BASSETERRE, St. Kitts - AS St. Kitts and Nevis joined the rest of the world to recognize October 10 as World Mental Health Day, Prime Minister Dr. Terrance Drew is batting for the end to stigma attached to the ailment.
First recognized in 1992, the day is used to raise awareness and provide education on the ailment which has and still can affect many people across the world.
Since the COVID-19 pandemic, the ailment has been thrust more into the spotlight because of the impact the virus had on many households.
In recognizing the challenges of the ailment, the medical practitioner called for more awareness to be raised surrounding the sensitivity of the issue.
Mental health challenges are some of the most common health issues people face (depression, stress etc), but the stigma attached to it is what hinders persons from seeking the help they need.
Many moons before he became the Federation’s Prime Minister, Dr. Drew had been using his platform to raise awareness to the ailment and is still continuing to champion the cause for its recognition.
This year's day was recognized under the theme “Make mental health for all a global priority”. And it is against this backdrop that he noted “it is critical that we raise awareness of mental health issues and lend support where necessary”.
“I understand the significance of preserving one’s mental health and that is why I have made it a priority to support initiatives that promote mental wellbeing to create a positive environment that empowers and motivates our people.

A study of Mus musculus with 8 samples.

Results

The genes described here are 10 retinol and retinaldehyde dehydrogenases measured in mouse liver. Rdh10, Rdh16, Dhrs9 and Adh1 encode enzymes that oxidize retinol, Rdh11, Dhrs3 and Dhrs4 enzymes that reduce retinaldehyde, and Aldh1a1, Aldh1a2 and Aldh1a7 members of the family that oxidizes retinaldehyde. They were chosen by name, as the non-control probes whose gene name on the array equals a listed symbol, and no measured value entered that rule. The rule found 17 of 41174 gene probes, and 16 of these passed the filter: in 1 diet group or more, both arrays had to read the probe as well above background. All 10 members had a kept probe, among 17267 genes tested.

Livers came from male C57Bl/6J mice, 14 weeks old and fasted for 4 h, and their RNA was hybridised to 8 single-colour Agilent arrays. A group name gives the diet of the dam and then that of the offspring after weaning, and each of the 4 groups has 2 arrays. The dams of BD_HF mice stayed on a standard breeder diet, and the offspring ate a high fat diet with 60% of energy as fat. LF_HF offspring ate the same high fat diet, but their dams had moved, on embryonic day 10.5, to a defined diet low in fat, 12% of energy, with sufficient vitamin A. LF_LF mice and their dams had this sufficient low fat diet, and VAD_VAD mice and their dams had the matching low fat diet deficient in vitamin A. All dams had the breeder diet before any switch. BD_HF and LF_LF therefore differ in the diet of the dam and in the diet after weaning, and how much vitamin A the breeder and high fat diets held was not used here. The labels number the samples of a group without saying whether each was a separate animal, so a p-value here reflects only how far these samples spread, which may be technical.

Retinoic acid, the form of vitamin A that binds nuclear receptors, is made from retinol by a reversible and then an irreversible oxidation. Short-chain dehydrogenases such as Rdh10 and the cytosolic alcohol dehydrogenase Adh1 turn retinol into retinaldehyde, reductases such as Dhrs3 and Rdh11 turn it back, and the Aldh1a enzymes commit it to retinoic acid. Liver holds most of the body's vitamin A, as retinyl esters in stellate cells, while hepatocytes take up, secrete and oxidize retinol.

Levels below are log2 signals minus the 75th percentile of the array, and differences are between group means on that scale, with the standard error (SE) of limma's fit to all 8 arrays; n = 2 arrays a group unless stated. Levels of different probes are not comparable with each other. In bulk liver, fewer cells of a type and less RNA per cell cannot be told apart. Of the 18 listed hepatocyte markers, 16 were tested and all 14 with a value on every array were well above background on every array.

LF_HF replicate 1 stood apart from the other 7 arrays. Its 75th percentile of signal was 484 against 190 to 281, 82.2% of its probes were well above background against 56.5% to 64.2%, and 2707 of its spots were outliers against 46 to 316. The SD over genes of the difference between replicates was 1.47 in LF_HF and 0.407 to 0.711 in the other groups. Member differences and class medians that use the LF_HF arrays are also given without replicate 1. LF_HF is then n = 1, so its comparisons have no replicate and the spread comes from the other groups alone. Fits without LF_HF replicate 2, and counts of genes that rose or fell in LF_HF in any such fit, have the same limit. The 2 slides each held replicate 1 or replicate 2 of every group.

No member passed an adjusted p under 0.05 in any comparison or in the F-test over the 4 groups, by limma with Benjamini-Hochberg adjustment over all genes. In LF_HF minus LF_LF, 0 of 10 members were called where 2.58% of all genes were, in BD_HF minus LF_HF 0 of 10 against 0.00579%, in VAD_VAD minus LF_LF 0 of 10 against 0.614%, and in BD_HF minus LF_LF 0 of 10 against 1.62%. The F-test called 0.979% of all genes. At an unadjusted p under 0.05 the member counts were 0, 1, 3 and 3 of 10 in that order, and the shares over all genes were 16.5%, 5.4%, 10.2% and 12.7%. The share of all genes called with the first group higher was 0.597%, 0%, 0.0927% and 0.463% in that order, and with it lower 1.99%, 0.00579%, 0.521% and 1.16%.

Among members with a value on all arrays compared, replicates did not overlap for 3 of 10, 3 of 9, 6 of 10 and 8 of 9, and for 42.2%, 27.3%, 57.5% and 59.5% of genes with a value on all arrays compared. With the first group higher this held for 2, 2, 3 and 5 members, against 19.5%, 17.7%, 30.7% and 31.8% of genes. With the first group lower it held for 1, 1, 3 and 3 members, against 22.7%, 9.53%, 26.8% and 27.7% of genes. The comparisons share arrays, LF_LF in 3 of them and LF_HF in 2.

“The idea is to educate our people and create an attitude change that brings awareness to mental wellness through the importance of self-care…pay attention to your diet, exercise, meditate, strive for balance in your life. It is important to care for your mind, just as it is important to care for your body,” Drew added.
The World Health Organization (WHO) cited depression as being one of the causes of disability and suicide as the fourth leading cause of death among people within a specific age range.
“Depression is one of the leading causes of disability. Suicide is the fourth leading cause of death among 15-29-year-olds. People with severe mental health conditions die prematurely – as much as two decades early – due to preventable physical conditions.”
WHO noted that despite progress around the world, some countries are still experiencing “discrimination and stigma”.
The Health Organization also noted that many mental health conditions could be effectively treated at relatively low cost, yet the gap between people needing care and those with access to care remain substantial, adding that “effective treatment coverage remains extremely low”.